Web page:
Publications and abstracts



The Apalachicola-Chattahoochee-Flint (ACF) River basin was one of the first 20 study units selected in 1991 by the U.S. Geological Survey for its National Water-Quality Assessment (NAWQA) program. Because pesticide contamination of surface water and ground water is a concern nationwide, a major emphasis of the NAWQA program is to examine the occurrence and distribution of pesticides in the water resources of these study unit basins. An understanding of the types and distribution of land uses; pesticide properties, pest-control practices, and pesticide use; and an evaluation of the occurrence and distribution of pesticides in the water resources of the ACF are necessary to meet this objective of the NAWQA program. This report describes land use and pesticide use at a county level, and the occurrence and distribution of pesticides in the water resources of the ACF River basin on the basis of previously-collected data.

About 33 percent of the ACF River basin is used for agriculture, 16 percent is used for silviculture, and about 5 percent of the basin is in urban and suburban settings; primarily the Columbus, Albany, and Atlanta Metropolitan areas. The remainder is in wetlands and non-silvicultural forest. A broad range of synthetic-organic herbicides, insecticides, and fungicides are applied to land in agricultural, silvicultural, urban, and suburban areas. The period of intensive pesticide applications extends from March to October.

Pesticide data available for the period from 1971 through 1989 in the U.S. Geological Survey National Water Information System (NWIS) and for the period from 1960 through 1991 in the U.S. Environmental Protection Agency Storage and Retrieval System (STORET) were analyzed to describe the occurrence and distribution of pesticides in water resources of the ACF River basin. Collectively, the NWIS and STORET databases contain about 19,600 individual analyses for pesticide concentration in the ACF River basin. Pesticide concentrations were at or above a minimum reporting level in about five percent of all analyses. Most of the pesticide analyses and most of the analyses having concentrations above minimum reporting levels in these databases are for organochlorine insecticides in samples collected five or more years before this study. With few exceptions, most of organochlorine insecticides are now banned from use in the United States. Concentrations of currently (1991) used pesticides were at or above a minimum reporting level in about 0.3 percent of the analyses.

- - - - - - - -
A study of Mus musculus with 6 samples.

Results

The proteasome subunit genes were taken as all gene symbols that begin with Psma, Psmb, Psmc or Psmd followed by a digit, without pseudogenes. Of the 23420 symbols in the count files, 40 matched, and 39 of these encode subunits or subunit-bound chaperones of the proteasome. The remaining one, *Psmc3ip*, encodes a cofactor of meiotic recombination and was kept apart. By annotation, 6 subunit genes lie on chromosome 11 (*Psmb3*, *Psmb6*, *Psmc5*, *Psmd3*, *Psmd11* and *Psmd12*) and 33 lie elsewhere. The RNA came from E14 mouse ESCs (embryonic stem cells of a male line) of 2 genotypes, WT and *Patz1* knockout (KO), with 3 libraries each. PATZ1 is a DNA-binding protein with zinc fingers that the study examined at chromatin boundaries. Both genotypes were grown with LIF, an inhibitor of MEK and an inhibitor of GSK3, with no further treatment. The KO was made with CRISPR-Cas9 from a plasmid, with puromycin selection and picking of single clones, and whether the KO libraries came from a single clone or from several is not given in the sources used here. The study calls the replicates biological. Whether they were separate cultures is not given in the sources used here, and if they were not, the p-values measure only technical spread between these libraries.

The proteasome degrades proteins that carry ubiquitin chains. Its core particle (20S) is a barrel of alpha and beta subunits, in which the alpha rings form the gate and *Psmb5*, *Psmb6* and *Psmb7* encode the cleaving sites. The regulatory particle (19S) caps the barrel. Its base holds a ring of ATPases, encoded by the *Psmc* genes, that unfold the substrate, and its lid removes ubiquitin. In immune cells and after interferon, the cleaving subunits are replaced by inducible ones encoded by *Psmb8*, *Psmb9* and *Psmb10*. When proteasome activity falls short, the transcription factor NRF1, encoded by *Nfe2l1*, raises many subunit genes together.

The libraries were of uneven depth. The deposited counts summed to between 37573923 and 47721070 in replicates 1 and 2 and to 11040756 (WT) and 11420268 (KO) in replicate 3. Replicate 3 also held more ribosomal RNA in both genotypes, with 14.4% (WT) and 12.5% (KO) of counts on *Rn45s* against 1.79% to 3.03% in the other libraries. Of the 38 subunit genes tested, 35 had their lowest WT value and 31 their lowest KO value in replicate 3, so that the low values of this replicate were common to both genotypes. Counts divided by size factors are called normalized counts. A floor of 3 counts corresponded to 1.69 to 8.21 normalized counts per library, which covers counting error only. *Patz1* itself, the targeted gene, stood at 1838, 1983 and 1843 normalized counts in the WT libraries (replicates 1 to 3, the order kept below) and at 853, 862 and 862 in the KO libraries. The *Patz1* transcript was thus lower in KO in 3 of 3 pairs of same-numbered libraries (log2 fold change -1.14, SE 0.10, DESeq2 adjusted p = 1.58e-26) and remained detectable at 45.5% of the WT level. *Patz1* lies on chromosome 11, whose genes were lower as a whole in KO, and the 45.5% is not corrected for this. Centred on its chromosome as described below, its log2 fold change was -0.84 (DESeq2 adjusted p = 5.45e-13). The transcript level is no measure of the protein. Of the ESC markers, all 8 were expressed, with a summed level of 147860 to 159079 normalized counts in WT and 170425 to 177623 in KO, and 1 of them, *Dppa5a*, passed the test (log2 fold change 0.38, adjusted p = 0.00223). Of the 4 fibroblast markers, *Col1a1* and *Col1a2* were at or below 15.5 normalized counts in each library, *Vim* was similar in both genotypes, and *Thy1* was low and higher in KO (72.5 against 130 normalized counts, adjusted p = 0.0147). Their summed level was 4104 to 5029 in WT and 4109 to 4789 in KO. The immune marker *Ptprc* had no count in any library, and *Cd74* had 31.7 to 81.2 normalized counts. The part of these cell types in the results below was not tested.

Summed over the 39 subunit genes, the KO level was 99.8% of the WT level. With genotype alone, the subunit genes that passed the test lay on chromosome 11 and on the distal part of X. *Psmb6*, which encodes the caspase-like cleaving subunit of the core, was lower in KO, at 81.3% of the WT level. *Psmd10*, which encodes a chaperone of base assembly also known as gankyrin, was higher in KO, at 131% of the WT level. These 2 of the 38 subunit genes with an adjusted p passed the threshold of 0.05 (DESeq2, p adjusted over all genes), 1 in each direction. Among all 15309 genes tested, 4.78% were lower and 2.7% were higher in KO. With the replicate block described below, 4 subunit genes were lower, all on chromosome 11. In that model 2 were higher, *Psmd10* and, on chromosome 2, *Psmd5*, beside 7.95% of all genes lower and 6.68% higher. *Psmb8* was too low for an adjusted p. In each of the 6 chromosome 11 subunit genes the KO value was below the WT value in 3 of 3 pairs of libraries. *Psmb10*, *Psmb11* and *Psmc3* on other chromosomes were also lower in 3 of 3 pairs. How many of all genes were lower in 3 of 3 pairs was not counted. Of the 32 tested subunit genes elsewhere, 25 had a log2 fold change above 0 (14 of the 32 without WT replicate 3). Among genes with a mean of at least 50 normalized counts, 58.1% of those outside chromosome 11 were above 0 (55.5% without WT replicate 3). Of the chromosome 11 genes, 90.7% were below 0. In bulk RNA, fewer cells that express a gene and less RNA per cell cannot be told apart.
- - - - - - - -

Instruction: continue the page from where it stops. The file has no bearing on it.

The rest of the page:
The geographic patterns in the occurrence and distribution of pesticides in the ACF River basin (as defined by data collected during 1960-91) are, as expected, somewhat defined by land-use patterns. DDT (together with DDD and DDE) were detected in wide distribution in the sediments and aquatic biota of primarily mainstem and reservoir sites in the Chattahoochee, Flint, and Apalachicola drainages. DDT was used through 1973 as an insecticide on cotton, fruits, and vegetables; and for mosquito control, so its widespread occurrence in both urban and agricultural settings is consistent with its use. Chlordane, heptachlor, dieldrin, and related compounds were agriculturally used through 1974, but predominantly as termiticides through the late 1980's. Compounds in these groups have been found in the sediments and aquatic biota of tributary streams draining the Atlanta Metropolitan area and of mainstem reaches and reservoirs of the Chattahoochee River downstream from the Atlanta and Columbus, Ga., Metropolitan areas. The phenoxy-acid herbicides are widely used in residential, commercial/industrial, agricultural, and silvicultural areas of the ACF River basin. Detectable concentrations of 2,4-D were found in most of the surface-waters sampled in the Atlanta Metropolitan area.

It is unfortunate that only limited inference can be drawn on temporal patterns. Many of the Federal and State agency pesticide-monitoring programs have been targeted to known sources and areas of contamination, an approach consistent with regulatory requirements focused on human health; and either were synoptic in nature or were conducted during a limited period of time. Thus, the composite temporal picture represented by these sampling efforts is inherently patchy.